Fewer than a third of public school students in the District are considered “college and career ready” in math and English language arts, according to test scores released Thursday that showed gains in both subjects, particularly in the traditional public schools.
The share of students who met the benchmark rose 4 points in English language arts to 31 percent and 2 points in math to 27 percent. Still, achievement gaps persisted and in some cases widened. In D.C. Public Schools, more than 50 percentage points separates the performance of students in Ward 3, encompassing affluent Northwest neighborhoods, from those in Ward 7, where the school population is largely poor and black.
City officials celebrated overall improvements Thursday while noting that there is work to be done.
“We know that none of these things have happened by accident: 10 years of robust commitment to changing our schools, from buildings like we see here, to investments in our teachers and their professional development, to curriculum that reflects what our children need to be successful in college and career,” said Mayor Muriel E. Bowser (D) Thursday as she stood in the refurbished library of Watkins Elementary School on Capitol Hill. There, she and other officials cut a ribbon on a $39 million upgrade.
DCPS, which educates a little more than half of the city’s 90,000 public schoolchildren, surpassed the performance of charter schools in English language arts and math by small margins. The charter schools also made gains, now boasting 10 straight years of rising scores.
The computerized Partnership for Assessment of Readiness for College and Careers, or PARCC, grades students on a 5-point scale in English language arts and math. Students take the test in grades 3 through 8 and once in high school. A 4 or 5 on the exam is supposed to indicate that a student is “college and career ready.”
About 29 percent of charter school students reached that mark in English language arts, while slightly less than 27 percent did in math. Those figures represent slight gains over last year.
In DCPS, nearly 32 percent passed in English language arts and more than 27 percent passed in math, gains of 6 points and 4 points, respectively. Some schools made double-digit gains, including Wilson High School, where last year officials suspect some students intentionally tanked the exam or had scheduling conflicts to Advanced Placement tests that have since been resolved.
“This is a pretty remarkable thing, to continue to see gains and improvements year after year after year,” said Hanseul Kang, the state superintendent for education. Kang said it shows initiatives to improve public education are “showing up as a real difference in outcomes for students.”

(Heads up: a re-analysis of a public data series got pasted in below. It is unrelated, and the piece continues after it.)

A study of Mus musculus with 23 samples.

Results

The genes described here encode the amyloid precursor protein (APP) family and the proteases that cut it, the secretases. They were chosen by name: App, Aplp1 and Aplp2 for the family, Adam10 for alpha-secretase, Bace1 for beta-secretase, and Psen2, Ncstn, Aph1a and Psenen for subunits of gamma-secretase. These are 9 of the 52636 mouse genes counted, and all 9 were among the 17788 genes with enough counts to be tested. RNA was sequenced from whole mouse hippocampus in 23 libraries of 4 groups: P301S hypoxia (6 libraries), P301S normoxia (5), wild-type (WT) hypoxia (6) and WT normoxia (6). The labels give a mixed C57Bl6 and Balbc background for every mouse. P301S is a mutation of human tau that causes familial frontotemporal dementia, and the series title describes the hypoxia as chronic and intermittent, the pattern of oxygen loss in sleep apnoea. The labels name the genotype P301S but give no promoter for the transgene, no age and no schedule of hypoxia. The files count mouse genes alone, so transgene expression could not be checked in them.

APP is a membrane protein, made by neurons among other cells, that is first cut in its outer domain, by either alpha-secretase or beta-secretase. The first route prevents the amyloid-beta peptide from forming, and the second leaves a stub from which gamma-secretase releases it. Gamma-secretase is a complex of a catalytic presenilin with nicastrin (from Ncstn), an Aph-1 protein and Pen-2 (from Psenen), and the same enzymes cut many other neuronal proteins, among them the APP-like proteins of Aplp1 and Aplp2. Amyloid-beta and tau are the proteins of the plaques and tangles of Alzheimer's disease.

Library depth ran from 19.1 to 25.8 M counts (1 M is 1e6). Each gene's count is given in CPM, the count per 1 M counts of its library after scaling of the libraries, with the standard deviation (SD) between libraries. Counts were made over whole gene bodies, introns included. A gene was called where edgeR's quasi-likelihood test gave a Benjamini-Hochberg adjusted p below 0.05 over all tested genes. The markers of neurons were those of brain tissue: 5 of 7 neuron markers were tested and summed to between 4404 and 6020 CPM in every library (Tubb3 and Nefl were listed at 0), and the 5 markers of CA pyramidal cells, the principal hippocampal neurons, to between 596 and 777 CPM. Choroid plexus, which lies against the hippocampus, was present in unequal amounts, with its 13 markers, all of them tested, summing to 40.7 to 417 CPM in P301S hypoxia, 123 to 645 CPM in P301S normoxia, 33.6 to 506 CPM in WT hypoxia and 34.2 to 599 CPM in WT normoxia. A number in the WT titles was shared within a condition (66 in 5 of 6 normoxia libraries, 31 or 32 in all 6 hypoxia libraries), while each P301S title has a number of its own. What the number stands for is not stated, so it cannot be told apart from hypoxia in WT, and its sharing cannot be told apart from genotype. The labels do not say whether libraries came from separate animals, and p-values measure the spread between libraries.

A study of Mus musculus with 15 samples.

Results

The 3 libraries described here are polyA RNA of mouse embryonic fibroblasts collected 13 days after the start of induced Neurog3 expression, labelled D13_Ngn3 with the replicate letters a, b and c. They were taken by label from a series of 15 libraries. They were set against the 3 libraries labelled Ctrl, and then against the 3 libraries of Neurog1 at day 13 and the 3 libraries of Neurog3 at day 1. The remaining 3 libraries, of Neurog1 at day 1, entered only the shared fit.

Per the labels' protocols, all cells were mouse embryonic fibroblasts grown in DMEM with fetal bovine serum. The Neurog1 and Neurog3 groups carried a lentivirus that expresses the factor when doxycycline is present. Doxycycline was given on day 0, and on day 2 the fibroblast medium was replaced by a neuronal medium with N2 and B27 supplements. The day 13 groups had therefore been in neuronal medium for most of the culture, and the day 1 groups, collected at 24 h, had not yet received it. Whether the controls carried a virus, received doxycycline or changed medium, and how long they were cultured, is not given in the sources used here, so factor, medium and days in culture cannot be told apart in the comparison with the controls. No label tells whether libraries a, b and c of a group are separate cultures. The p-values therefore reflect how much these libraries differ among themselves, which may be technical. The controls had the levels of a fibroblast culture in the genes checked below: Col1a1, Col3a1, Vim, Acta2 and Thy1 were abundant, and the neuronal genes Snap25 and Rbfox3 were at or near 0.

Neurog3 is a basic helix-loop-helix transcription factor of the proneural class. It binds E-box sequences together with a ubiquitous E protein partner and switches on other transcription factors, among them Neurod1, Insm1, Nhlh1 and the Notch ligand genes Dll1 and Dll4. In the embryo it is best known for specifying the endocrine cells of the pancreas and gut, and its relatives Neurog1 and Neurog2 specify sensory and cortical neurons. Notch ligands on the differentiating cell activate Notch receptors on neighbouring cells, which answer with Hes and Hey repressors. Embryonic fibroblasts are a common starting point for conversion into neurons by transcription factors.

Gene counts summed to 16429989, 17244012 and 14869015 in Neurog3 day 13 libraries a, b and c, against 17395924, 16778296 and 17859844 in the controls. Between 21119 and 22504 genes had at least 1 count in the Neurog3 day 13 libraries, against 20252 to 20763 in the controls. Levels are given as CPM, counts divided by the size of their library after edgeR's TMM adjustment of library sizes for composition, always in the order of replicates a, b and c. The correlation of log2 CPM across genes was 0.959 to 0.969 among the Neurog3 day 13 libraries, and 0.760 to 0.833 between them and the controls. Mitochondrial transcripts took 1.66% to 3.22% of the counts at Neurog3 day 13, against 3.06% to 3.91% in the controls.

Leaders in DCPS and the D.C. Public Charter School Board, which oversees 120 charter schools, praised the progress, while acknowledging room for growth. DCPS also made progress in narrowing the achievement gap between students from low-income households and their more affluent peers — a gap that has been widening nationally over the last few decades.
DCPS Chancellor Antwan Wilson, who took the helm in February, lauded the efforts of educators and noted improvements across the board, including special education students, economically disadvantaged students and all racial groups.
“It’s a testament to the tremendous work of our educators, tremendous leadership and the support on our community that we have been able to focus our efforts so all of our students are improving across the District,” Wilson said. Still, the achievement gap widened as white and Asian students made larger gains than black and Hispanic students.
Scott Pearson, executive director of the D.C. charter board, said scores for charter school students have risen even as their population of economically challenged and special education students has grown. He said the boost in scores in both sectors shows how the two can coexist.
“For our friends around the country who say that a robust charter sector weakens the traditional school district, I would say to them, take a look at D.C.,” Pearson said.
In DCPS, 20 percent of students considered economically disadvantaged scored 4 or 5 on math, up more than 6 points from last year. And in English, 24 percent of students from low-income families in DCPS are now reaching benchmarks, an increase of 9 points.
Math and English scores for English language learners and special education students also improved.
DCPS spokeswoman Michelle Lerner attributed the gains, in part, to the day-to-day hard work of the district’s teachers.
“We have the best teacher force in the country and they are a huge voice in our district in helping us come up with curriculum,” Lerner said.
Last year, DCPS began a new model of professional development for teachers. Teachers meet weekly in grade-level and content teams, where they can analyze student work and “dig deeper into the curriculum,” Lerner said.
Lerner also credited citywide investments in social-emotional learning for enabling more students to remain in the classroom.
“We are implementing our work in an equitable way,” she said.